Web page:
Thursday, July 24, 2014

Holy Warriors...

The cliché goes that those who do not learn from the past are destined to repeat it. And this is the central message of David Eldridge’s play Holy Warriors at Shakespeare's Globe.

The play relates 800 years of the struggle for Jerusalem and the Holy Land from the Middle Ages to the present day. The scope is ambitious and given the current troubles the subject matter perfectly timed.

In the left corner we have Saladin, mighty leader of the Muslims. In the right corner we have Richard the Lionheart, saviour of all Christendom.

The action starts in the late 12th century, and Richard is trying to win back Jerusalem, the holy city for both Christians and Muslims. This particular Crusade fails and we are left wondering why.

When Richard finally dies and goes to purgatory where his now dead mother treats him to a fast-forward through history as we see failure after failure to reach any sort of settlement in the Holy lands. It's a sort of Christmas Carol setup with Eleanor of Aquitane as the ghost of Christmas Future. We meet Napoleon, Lawrence of Arabia, King Fiesal, some Zionists, some Palestinians and some Egyptians. Oh and Presidents Jimmy Carter and George W Bush. And last but no means least Tony Blair.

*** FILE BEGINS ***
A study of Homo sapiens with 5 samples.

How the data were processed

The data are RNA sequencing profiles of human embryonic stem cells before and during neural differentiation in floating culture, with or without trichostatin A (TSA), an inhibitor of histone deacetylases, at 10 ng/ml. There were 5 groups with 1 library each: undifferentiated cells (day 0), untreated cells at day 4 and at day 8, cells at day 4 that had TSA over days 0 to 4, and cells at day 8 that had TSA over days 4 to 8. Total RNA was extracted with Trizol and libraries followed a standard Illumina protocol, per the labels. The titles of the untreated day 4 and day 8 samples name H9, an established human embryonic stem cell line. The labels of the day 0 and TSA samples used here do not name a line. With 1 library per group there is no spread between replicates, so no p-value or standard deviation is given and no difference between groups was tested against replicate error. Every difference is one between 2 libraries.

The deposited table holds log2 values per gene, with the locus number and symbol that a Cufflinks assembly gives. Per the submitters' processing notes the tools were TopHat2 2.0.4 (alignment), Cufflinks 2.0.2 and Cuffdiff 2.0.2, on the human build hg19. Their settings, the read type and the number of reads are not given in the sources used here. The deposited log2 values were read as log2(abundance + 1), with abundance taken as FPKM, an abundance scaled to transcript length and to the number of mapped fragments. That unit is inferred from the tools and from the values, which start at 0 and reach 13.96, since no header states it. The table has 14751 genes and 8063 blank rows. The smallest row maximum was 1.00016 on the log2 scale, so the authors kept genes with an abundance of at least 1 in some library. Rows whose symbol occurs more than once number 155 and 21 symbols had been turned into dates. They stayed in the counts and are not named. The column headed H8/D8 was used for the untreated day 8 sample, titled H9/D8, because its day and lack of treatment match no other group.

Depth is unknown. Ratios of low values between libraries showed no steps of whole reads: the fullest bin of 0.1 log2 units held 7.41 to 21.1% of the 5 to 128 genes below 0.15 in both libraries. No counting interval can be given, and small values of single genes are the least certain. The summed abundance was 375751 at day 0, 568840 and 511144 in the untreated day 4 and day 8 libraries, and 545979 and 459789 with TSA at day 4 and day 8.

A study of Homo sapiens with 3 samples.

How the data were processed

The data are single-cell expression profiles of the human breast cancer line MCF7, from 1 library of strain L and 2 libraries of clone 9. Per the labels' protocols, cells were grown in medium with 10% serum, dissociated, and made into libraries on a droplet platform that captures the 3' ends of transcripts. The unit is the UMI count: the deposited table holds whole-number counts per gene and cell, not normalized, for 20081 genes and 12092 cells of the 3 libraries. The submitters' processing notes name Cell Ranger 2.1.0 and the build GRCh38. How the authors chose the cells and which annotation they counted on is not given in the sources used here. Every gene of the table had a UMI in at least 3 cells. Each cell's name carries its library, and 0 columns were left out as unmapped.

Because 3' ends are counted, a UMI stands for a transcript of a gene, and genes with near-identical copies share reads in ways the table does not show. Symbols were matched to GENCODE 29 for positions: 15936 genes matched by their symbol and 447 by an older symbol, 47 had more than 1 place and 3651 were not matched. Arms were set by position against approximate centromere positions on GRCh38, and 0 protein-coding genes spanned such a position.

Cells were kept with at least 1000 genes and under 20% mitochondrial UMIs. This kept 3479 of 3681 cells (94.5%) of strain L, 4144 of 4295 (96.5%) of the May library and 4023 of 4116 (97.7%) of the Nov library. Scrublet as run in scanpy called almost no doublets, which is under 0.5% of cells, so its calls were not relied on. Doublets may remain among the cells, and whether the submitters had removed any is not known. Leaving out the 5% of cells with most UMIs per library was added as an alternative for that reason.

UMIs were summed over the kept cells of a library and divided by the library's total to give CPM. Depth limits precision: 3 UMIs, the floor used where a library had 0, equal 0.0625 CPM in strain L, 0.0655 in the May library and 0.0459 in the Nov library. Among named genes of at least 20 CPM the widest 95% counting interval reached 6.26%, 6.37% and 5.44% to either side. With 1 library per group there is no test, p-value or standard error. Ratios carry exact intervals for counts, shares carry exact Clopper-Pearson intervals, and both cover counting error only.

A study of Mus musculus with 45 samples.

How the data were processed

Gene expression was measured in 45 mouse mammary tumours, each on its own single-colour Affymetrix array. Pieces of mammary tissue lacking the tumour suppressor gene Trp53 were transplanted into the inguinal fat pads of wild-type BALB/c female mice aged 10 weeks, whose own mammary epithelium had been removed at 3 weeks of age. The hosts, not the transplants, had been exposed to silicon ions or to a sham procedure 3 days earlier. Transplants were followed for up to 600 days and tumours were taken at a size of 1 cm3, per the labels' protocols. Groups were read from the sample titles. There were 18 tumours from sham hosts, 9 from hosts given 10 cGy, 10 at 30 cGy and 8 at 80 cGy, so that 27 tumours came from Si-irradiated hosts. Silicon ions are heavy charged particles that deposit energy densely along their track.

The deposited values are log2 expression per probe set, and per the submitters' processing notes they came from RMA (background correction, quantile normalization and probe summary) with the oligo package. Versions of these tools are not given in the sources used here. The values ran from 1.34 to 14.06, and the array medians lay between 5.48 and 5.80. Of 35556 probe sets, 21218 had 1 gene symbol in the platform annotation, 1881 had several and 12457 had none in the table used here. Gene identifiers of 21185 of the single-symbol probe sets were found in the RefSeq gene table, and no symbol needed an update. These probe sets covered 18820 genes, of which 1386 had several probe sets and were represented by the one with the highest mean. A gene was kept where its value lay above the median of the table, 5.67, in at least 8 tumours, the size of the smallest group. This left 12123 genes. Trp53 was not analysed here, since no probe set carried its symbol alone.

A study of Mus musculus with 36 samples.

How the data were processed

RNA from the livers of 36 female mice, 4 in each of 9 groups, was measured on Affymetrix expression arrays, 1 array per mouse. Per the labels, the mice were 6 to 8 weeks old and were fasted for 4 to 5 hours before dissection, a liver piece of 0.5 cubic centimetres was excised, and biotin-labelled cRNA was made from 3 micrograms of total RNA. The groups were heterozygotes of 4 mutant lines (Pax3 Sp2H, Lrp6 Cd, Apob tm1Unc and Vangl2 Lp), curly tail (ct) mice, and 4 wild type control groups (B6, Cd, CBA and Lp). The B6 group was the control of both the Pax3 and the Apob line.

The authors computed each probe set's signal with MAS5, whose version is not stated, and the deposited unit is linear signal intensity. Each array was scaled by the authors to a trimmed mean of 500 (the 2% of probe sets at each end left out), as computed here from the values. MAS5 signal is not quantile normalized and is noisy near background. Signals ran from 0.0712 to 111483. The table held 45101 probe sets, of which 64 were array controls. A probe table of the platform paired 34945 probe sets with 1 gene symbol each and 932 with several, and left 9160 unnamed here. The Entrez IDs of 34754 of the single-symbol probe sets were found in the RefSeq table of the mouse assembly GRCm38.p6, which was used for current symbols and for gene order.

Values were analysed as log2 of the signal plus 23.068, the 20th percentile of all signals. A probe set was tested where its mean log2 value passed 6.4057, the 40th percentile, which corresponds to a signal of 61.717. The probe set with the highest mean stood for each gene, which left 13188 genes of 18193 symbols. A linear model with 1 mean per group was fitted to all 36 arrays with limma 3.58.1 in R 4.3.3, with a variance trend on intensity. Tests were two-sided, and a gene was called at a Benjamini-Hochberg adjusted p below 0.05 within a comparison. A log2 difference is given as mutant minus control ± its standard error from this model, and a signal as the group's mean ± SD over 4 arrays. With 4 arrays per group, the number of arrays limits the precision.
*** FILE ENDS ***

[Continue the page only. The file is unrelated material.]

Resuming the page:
Richard is then asked the big question: if you had the chance to do it all again, would you change a thing?

The story then re-runs with all the medieval characters in modern combat fatigues. Sadly, despite their fresh look and wise-cracking, we are lead in the end to the same sorry conclusion. We are failed by our leaders.

Eldridge writing is enjoyable, ambitious, and compelling. A very nice touch is using many places names from the historic Middle East that are still in use today as this naturally resonates with a modern audience.

James Dacre’s production is colourful and lively, has songs, dances and many impressive visual elements.

Alexander Siddig is excellent as Saladin. John Hopkins cuts a powerful (and rather sexy dash) as Richard; Geraldine Alexander is super as Eleanor of Aquitane and Sirine Saba impressive as Berengaria of Navarre.

The power of Holy Warriors is in telling us that Jerusalem is not only a symbol of Middle Eastern politics but that the battle for it's possession perpetuates a cycle of hatred and violence. A cycle that will continue for as long as our leaders are unable to compromise and reach peace.